Article by Alfie HaywardPosted

Laptop open on the kitchen table. Steaming cup of tea sweetly scenting the air. Your favourite playlist on Spotify.

This sun-kissed, sepia-filtered image of remote working has been a dream for many of us ever since Instagram influencers around the world decided it was the ultimate #lifegoal. The carefree atmosphere, the independence, the sweatpants just out of view of the webcam. For all intents and purposes, it’s a picture of work and life in perfect harmony.

And after the last couple of years, this image has become a real option for many of us.

In fact, 16% of companies worldwide are now fully remote. And by 2025, 22% of Americans will be working remotely.

‘Nearly two-thirds of people who work from home feel sometimes isolated or lonely. And more than one-sixth of home workers feel like this all the time.’

The bigger picture

It’s an exciting new era. But what about the things not in the image? The bustling morning commute reminding you of your place in the great machine? The mini soap opera of office dramas? The colleagues who once made you coffee but now only appear as pixels on a screen?

Feeling cut off when working remotely is totally normal. After all, working from home can mean being alone for hours or even days on end. So it’s not surprising that nearly two-thirds of people who work from home feel sometimes isolated or lonely. And, worryingly, more than one-sixth of home workers feel like this all the time.

Mental health warning signs like these can’t be ignored. Left unchecked, they can take a huge personal toll and lead to even more serious issues. Even employers can feel the effects, with depression and anxiety costing the global economy US$ 1 trillion every year in lost productivity.

And with remote working becoming more commonplace around the world, we can’t keep pretending the image of the smiling, #livingmybestlife homeworker tells the whole story.

Getting our heads around mental health

At Brandbuch, we’ve always been remote-first. It works for us, but only because we know that riding out the highs and lows of the home office means actively maintaining our mental health in all sorts of ways.

‘We think it’s time for businesses to lead the conversation about mental health at work.’

So we invited Clinical Psychologist Dr Stacey Hemmings from Amplify Your People to run a session with our team. It was a really helpful workshop, and we all came away feeling more confident spotting and managing the mental health challenges that come with working remotely.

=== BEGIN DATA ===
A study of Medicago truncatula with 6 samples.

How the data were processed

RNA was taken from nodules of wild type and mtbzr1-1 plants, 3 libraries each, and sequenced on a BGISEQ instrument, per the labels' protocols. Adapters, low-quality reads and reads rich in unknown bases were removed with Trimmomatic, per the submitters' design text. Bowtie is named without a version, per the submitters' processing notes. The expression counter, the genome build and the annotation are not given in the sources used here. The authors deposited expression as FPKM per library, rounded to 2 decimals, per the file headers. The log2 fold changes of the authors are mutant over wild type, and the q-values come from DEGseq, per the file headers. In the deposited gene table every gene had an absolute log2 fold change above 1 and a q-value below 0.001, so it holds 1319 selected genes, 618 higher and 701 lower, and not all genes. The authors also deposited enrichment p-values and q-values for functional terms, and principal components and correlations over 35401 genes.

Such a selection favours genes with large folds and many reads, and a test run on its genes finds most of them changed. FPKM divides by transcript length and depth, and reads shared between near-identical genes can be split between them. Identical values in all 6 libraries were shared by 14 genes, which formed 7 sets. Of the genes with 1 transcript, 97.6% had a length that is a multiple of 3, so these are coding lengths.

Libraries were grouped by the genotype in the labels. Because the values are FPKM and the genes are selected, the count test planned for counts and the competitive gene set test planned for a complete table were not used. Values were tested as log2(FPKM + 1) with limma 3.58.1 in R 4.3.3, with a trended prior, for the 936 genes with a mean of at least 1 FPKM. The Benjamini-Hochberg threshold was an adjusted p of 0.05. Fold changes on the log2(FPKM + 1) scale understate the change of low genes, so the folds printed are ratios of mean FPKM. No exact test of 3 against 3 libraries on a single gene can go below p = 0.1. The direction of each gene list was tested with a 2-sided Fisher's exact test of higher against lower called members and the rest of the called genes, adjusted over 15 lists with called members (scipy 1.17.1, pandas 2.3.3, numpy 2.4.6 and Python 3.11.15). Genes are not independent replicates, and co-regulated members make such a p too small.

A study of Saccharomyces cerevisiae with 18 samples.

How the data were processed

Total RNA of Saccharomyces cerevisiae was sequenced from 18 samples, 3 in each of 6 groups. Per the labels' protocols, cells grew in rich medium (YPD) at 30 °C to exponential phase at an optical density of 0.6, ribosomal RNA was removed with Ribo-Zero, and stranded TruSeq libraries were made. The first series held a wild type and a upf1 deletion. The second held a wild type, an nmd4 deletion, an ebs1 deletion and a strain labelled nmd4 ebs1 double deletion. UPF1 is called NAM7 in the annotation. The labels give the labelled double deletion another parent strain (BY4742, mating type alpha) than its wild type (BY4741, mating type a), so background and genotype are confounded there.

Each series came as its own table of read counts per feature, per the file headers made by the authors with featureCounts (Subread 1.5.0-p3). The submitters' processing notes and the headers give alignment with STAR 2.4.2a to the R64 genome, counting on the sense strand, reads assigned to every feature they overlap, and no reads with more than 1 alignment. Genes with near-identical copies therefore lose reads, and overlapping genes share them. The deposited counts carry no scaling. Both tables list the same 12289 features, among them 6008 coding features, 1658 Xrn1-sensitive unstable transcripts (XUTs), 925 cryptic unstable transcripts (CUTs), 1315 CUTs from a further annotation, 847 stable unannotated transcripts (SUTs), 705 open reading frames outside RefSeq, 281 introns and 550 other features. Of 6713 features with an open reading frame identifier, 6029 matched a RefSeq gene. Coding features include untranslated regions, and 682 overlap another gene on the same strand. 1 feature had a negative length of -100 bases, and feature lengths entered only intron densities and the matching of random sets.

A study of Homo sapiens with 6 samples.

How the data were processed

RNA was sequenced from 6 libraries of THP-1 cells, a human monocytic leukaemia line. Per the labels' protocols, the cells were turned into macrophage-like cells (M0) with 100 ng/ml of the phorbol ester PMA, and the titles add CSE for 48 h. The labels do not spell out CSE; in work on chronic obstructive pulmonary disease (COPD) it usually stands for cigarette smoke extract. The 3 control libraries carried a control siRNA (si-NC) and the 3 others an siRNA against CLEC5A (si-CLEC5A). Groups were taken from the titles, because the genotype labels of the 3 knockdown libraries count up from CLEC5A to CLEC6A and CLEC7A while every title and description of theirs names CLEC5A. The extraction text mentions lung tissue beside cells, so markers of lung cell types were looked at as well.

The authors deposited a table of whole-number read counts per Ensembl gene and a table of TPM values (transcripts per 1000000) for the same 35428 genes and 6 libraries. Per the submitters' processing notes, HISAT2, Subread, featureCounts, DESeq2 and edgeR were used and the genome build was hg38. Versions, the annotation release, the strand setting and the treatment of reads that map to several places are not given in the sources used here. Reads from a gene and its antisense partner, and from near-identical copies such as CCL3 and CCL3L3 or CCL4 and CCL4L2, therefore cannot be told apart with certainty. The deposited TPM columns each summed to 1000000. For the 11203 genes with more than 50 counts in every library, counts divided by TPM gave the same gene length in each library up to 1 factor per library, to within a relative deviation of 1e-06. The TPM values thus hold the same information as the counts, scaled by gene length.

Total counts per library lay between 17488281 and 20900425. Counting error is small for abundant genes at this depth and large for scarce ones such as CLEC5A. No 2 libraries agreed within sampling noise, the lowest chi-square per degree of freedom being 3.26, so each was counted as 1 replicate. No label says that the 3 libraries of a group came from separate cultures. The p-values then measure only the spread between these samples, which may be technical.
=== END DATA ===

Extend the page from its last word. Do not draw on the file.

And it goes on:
Inspired by Dr Hemmings and drawing on our years of remote working experience, we want to help our team and others around the world identify and overcome these challenges.

Because managing our mental health is good for people, and good for business. Research from the World Health Organisation shows that for every US$ 1 put into scaled-up treatment for common mental disorders, there’s a return of US$ 4 in improved health and productivity.

So we think it’s time for businesses to lead the conversation about mental health at work.

The Brandbuch Mental Health Manifesto

This is our first step. Our Mental Health Manifesto. A visual and verbal expression of how we see mental health in the workplace, and how we can all get the most out of our relationships, our spaces, and ourselves.

Every circle is a person.

Their journey.

No circle is perfect. 

They each flex and adapt as they learn, improve, and influence each other. 

All the circles together are a company.

When the circles grow, the company grows.

In the middle is a space shared by all the circles.

Where every member of the company belongs, where they’re heard and respected.

The space  changes size and shape, depending on the time and energy invested in each circle.

But each circle always uses the whole space.

So they each get out everything everyone else puts in.

This is how we see mental health in the workplace.

A circle of support.

Each of us should feel supported inside and outside work.

No pressure to be successful.

Just the freedom to be us.

So we can all evolve in our own way. 

Using the ideas and philosophies in our manifesto, we’re going to deepen our understanding of mental health and paint a new picture of what remote work really means. A picture without a filter, where we all feel free to be ourselves, and know how to be there for each other, wherever we are.

We’d love to see more companies and teams making a mental health manifesto. We think it’s a really effective way to unite your people behind the things that matter, and help everyone feel more supported and less alone.

If you’d like to discuss mental health, manifestos or anything else in this article, just get in touch with us.